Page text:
JISC makes Freedom of Information issues clearer for researchers
Writing about web page http://www.jisc.ac.uk/news/stories/2010/12/foi.aspx
JISC have announced the launch of their step-by-step guidance document on Freedom of Information issues, aimed at researchers. It is based on a set of questions and answers and could "help researchers address issues of confidentiality, privacy, ethics and security" around their research data. The guide also deals with implications of Environmental Information legislation which might also require a researcher to make data publicly available.
The main message is to involve a Freedom of Information Officer if you get an FoI request. Warwick researchers should refer to our Legal Compliance webpages for further support: http://www2.warwick.ac.uk/services/gov/legalservices/
The first question & answer in the JISC guide is about how to identify an FoI request, and that is not so simple as someone declaring that they are asking and FoI question! The answer also states that "FoI request simply has to be in writing, give the name of the requester and an address for correspondence, and specify the information requested. However, 'writing' is interpreted liberally, and definitely includes email." So, knowing when to get in touch with your FoI Officer will be key to researchers' compliance.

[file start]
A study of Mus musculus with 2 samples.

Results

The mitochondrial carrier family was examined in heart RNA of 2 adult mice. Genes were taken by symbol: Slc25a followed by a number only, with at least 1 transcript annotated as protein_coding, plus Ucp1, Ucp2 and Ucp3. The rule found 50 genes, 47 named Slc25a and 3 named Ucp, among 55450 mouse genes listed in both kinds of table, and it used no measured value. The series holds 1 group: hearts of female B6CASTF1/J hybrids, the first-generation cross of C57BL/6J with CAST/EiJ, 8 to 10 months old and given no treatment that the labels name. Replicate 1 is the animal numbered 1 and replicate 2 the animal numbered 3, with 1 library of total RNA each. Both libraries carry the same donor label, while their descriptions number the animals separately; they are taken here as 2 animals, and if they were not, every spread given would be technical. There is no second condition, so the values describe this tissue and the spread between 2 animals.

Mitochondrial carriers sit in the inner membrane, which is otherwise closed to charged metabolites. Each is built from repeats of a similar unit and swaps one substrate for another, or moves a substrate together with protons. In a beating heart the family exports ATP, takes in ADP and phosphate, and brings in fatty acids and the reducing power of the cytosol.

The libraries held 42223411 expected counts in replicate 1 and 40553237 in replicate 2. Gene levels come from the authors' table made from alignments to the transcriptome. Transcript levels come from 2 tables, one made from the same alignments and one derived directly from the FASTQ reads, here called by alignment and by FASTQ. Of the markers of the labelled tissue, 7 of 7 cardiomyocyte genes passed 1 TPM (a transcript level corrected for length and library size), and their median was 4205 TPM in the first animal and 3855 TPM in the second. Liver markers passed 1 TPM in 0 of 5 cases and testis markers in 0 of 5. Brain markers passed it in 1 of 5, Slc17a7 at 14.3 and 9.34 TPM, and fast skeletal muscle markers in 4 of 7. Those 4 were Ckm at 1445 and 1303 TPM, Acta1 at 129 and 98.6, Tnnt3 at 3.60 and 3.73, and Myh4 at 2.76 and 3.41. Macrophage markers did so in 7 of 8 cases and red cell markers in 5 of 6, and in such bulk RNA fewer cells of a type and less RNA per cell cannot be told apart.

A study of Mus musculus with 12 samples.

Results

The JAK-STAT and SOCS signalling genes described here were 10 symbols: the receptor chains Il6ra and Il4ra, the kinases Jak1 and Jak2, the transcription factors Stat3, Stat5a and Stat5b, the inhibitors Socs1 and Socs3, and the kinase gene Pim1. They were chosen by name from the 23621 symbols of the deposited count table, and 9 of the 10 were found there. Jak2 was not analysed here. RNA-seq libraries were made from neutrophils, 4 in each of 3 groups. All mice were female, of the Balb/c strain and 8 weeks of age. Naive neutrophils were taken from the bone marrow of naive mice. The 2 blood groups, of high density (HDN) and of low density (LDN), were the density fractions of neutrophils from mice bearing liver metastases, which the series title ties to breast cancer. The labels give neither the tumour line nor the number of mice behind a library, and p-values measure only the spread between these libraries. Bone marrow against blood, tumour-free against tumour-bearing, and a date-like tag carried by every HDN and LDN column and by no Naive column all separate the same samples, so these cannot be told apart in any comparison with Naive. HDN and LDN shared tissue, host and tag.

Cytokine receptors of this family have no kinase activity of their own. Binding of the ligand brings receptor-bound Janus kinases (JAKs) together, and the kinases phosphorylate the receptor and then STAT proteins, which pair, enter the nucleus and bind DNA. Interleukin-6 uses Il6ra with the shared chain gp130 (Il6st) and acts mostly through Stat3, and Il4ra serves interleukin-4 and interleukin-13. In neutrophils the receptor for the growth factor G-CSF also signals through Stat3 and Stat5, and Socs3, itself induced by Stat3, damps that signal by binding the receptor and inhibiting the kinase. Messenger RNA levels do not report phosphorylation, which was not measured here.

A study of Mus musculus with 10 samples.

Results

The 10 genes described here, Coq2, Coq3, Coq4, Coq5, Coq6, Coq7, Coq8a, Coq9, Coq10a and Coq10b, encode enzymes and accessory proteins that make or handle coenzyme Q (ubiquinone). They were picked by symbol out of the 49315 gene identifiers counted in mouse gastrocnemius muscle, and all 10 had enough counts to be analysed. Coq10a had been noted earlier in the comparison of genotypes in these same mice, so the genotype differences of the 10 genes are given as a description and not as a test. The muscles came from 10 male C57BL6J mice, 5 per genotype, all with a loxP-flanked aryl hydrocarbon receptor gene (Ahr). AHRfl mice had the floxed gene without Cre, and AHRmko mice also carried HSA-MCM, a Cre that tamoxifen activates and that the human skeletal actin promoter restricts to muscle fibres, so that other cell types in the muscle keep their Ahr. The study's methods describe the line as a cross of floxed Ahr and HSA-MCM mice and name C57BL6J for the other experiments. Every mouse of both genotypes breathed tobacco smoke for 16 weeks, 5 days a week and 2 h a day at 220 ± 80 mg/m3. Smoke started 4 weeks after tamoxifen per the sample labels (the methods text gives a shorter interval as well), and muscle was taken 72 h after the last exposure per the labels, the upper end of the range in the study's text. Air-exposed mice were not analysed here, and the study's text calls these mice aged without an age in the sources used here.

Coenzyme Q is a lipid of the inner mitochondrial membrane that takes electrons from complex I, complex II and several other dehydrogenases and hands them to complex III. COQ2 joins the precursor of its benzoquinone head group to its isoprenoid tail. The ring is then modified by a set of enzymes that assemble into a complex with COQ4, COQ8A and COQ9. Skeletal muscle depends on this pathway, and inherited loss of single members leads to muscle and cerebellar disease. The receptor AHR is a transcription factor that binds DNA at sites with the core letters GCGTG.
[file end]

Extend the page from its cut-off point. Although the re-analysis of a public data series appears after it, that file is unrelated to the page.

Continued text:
Many researchers' requests for data will not be handled as FoI requests in a formal manner, but if you don't want to provide data to someone who has requested access to it then you may have to consider whether you might be obliged to respond under the terms of FoI, and what circumstances will be legally accepted grounds for refusing. This will be the kind of situation in which researchers should seek the support of an FoI officer.
It is worth noting that, under FoI, institutions are expected to supply the information or a refusal within 20 working days of receiving a request. The guide describes 3 main grounds for refusal, being cost, repeated or vexatious requests or the applicability of an exemption.
The guide itself talks through different kinds of exemption and circumstances which might apply to researchers' data.